Jihadists in Mali have seized a central town as they push southwards. The developments followed assurances from France that Mali rebel advancements had been halted after airstrikes in the north of the country.
Islamist rebels battling to take control of Mali on Monday took the town of Diabaly, in the center of the country, according to the French defense ministry.
The developments come after jihadists launched a counter-offensive earlier in the day against Malian government forces backed by French air raids and ground troops. The latter alliance has been trying to prevent Islamist rebels, who already have control of northern Mali, from pushing southwards.
And the news also comes despite earlier assurances from French Foreign Minister Laurent Fabius on Sunday that the Islamist rebels had been largely seen off. "Blocking the terrorists, that's done," Fabius told RTL radio and LCI television in an interview. "What we started today was taking care of the terrorists' strongholds."
Fabius added that Gao, one of three northern Malian towns captured last year by the al Qaeda-linked rebels, was one of the strongholds that had been targeted.
Defense minister Jean-Yves Le Drian had also told i-Tele channel that the strikes were to prepare the ground for a combined Malian and African force to retake control of the country by attacking rebel camps, infrastructure and warehouses.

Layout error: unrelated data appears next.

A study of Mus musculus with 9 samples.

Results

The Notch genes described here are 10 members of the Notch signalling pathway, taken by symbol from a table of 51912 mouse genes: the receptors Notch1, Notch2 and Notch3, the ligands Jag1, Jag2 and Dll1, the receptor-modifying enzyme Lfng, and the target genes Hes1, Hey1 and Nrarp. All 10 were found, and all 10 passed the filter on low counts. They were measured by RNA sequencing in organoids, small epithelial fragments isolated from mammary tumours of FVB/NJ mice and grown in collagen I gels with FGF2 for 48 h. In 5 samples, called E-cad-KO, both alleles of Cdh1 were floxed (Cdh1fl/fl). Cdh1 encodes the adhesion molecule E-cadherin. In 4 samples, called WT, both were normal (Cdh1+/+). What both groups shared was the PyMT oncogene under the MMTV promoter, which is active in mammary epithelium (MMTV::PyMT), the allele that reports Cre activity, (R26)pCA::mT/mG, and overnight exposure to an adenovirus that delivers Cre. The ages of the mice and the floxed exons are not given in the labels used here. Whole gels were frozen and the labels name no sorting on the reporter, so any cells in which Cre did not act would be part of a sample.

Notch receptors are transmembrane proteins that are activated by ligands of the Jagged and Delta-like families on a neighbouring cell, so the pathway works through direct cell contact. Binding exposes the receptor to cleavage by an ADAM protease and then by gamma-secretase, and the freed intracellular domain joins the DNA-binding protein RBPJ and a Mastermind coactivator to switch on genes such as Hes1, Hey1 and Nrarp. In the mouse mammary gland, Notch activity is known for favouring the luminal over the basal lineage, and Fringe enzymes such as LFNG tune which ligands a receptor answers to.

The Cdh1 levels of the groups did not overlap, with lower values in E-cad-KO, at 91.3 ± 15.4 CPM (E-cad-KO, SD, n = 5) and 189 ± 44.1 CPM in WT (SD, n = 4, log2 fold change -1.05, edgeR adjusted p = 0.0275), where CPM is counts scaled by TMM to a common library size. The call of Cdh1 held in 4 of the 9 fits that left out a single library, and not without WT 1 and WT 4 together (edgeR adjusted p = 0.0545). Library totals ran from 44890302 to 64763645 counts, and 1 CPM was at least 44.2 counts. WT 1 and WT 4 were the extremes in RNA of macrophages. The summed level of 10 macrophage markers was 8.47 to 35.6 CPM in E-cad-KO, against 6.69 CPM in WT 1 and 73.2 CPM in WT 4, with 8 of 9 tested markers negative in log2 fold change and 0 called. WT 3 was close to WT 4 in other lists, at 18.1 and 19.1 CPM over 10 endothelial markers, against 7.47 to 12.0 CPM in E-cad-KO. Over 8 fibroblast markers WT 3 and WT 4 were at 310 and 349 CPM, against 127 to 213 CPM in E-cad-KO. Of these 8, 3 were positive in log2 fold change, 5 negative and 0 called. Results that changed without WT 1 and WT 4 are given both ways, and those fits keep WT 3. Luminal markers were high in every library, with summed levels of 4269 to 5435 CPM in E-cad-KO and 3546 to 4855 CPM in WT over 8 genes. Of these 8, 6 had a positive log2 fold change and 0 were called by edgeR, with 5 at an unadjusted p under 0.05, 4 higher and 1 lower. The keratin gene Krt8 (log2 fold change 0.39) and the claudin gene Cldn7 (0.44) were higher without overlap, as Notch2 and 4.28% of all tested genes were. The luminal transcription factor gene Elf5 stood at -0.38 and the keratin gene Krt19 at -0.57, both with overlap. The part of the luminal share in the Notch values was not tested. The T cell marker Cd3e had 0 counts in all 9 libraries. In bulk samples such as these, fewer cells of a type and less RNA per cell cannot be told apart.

France says Mali offensive will be short
Stopping the rebel advancement
The Malian army is fighting Islamist rebels on the ground, and several West African states - including Ivory Coast, Burkina Faso and Niger - have pledged to send troops in support.
France launched an aerial campaign Friday at Mali's request to help stop the rebels from advancing south towards the capital of Bamako.
On Sunday, four Rafale jets sent from France began a military engagement along with Mirage jets and helicopters.
Meanwhile, Germany said on Monday that it was considering its options to help the French mission in Mali. "Such support could come in the field of logistics, medical support or humanitarian support," said a spokesman for the foreign ministry at a government news conference.
Algeria, which shares a 2,000 km (1,242 mile) border with Mali, has already offered the French military full use of its airspace, according to the country's foreign ministry.
Uncertainty in Somalia
Elsewhere in Africa, a French soldier, who was allegedly captured and wounded in a failed attempt by French forces to rescue a French security agent held hostage by al-Shabab in Somalia has died from the gunshot injuries he sustained, according to a rebel military spokesperson.
"The second commando died from his bullet wounds. We shall display the bodies of the two Frenchmen," Sheikh Abdiasis Abu Musab, spokesman for al Shabab, said to Reuters by telephone. Musab added that the hostage , Denis Allex, who has been held hostage since 2009, was alive, and his captors would decide his fate later.
Despite al-Shabab’s claims, the French defense ministry has said it believes the French hostage to have died in the failed rescue attempt on Saturday.